Wrongful Incarceration: Which States Will Pay?



Category: Wrongful Convictions


Spending time in prison while being innocent can traumatize everyone in that person’s close circle of family and friends. That is why it is best for the states to take full responsibility and restore the lives of those who were subject to wrongful incarceration.

Common Causes of Wrongful Convictions

Nothing happens without reason. Similarly, an accused can’t be subjected to wrongful incarceration if there were no factors behind it. Sometimes the court is in a hurry to conclude cases, hence making wrong convictions. Below there are some of the leading factors of wrongful incarceration in the U.S.A.

1. Faulty Forensics

Sadly, there are still erroneous forensic results despite technological advances globally. Despite that, many courts rely on inaccurate forensic results when coming with the final verdict.

Forensic results presented to the courts in the past years have seen most people remain behind bars. Errors occur during lab testing, such as DUI blood tests. Some other techniques that have led to erroneous verdicts include:

Tales like that of Anthony Ray Hilton, an Alabama man who spent nearly three decades on death row for two murders he did not commit, show that wrong forensic results are accurate. He was released after realizing that he was wrongly convicted because a forensics expert with one eye had carried the ballistics test.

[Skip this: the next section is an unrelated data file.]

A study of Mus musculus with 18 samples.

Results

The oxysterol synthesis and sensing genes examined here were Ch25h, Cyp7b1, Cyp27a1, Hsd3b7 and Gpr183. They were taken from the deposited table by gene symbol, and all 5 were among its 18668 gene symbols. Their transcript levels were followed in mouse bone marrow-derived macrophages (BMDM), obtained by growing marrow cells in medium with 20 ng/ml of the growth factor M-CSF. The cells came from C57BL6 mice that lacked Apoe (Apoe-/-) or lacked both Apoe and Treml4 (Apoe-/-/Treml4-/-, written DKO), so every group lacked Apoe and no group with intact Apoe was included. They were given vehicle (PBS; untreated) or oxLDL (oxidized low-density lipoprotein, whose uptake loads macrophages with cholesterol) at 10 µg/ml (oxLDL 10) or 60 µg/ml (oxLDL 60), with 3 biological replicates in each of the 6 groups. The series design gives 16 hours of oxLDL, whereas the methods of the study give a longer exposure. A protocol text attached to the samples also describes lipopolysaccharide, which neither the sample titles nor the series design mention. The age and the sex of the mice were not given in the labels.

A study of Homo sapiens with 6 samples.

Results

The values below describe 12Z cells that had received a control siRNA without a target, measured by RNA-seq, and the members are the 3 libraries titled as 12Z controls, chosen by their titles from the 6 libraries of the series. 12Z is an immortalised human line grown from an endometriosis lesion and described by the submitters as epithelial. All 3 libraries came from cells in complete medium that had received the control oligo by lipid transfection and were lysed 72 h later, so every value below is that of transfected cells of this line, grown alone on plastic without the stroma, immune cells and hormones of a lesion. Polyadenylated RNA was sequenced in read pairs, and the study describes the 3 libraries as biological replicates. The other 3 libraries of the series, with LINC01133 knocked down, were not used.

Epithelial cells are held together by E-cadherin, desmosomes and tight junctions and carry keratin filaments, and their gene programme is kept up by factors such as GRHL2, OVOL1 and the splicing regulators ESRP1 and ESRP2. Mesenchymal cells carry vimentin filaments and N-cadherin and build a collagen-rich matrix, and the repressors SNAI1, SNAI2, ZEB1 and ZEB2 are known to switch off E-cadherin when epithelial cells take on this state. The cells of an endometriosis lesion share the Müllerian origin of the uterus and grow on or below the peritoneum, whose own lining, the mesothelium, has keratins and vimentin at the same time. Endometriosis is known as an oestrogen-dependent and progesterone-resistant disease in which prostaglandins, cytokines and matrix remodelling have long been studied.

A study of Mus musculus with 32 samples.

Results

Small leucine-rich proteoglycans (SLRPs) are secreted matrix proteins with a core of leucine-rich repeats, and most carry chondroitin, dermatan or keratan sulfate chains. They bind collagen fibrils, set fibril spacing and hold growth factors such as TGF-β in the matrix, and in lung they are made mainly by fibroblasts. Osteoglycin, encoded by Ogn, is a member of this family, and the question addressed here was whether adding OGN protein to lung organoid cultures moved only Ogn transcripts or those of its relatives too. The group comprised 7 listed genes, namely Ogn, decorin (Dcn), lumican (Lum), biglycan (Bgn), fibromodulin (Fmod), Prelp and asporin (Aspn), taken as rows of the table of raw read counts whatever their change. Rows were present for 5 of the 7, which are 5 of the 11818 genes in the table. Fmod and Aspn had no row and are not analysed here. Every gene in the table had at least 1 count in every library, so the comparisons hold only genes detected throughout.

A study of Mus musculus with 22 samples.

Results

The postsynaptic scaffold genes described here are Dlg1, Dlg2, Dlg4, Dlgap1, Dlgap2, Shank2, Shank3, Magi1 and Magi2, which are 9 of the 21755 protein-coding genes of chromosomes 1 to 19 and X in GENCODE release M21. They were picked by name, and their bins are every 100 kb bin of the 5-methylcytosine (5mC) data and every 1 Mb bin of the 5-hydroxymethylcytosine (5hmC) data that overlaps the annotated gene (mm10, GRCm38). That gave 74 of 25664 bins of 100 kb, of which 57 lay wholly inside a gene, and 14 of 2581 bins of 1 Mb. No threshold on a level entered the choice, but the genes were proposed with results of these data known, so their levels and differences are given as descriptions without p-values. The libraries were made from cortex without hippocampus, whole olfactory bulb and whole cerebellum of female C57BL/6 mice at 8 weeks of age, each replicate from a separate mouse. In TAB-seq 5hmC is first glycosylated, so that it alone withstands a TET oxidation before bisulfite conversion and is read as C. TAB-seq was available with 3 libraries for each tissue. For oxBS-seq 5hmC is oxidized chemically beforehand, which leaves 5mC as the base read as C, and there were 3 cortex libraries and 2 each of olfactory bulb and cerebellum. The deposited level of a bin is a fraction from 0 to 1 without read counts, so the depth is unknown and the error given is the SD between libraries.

2. Wrong Witnesses

Do you know that just a white lie by a witness might make an accused face a wrongful conviction? Yes, it’s possible. It has led to the unjust sentencing of many accused individuals in the past. Courts should do background checks on the witnesses before they testify in cases. If not, many innocent individuals will continue to remain behind bars.

3. Lawyers

Not all lawyers can be behind a wrongful conviction, but those who are overworked and underfunded often can. Those lawyers lack adequate resources to defend their clients. Additionally, incompetent lawyers, in some instances, can also contribute to wrongful incarceration.

Finally, different states have different policies and rules regulating how they store criminal evidence. Some states have strict rules regarding access to past evidence. That makes it difficult to prove someone’s innocence after a conviction has been completed.

Other states prohibit access to the files of past cases. As such, the wrongly convicted persons lack the means of getting themselves out of prison.

Do States Compensate for Wrongful Convictions?

If someone was wrongfully subjected to a sentence, the state must help bring that person’s life back to normal. People who have been wrongfully convicted will be compensated in various forms, including money.

The Do’s

As of now, 35 states do offer some compensation to the wrongfully convicted within their jurisdictions. Existing exoneree compensation laws include fixed monetary compensation depending on the time spent in prison, subsistence funds, job training, education access, counseling, healthcare, and housing. These states include:

The Don’t’s

Currently, there are still 15 states left that don’t have any compensation laws to make up for wrongful incarceration. These states include:

Conclusion

State and federal courts should be very keen when handling criminal cases to minimize wrongful convictions from occurring in the future.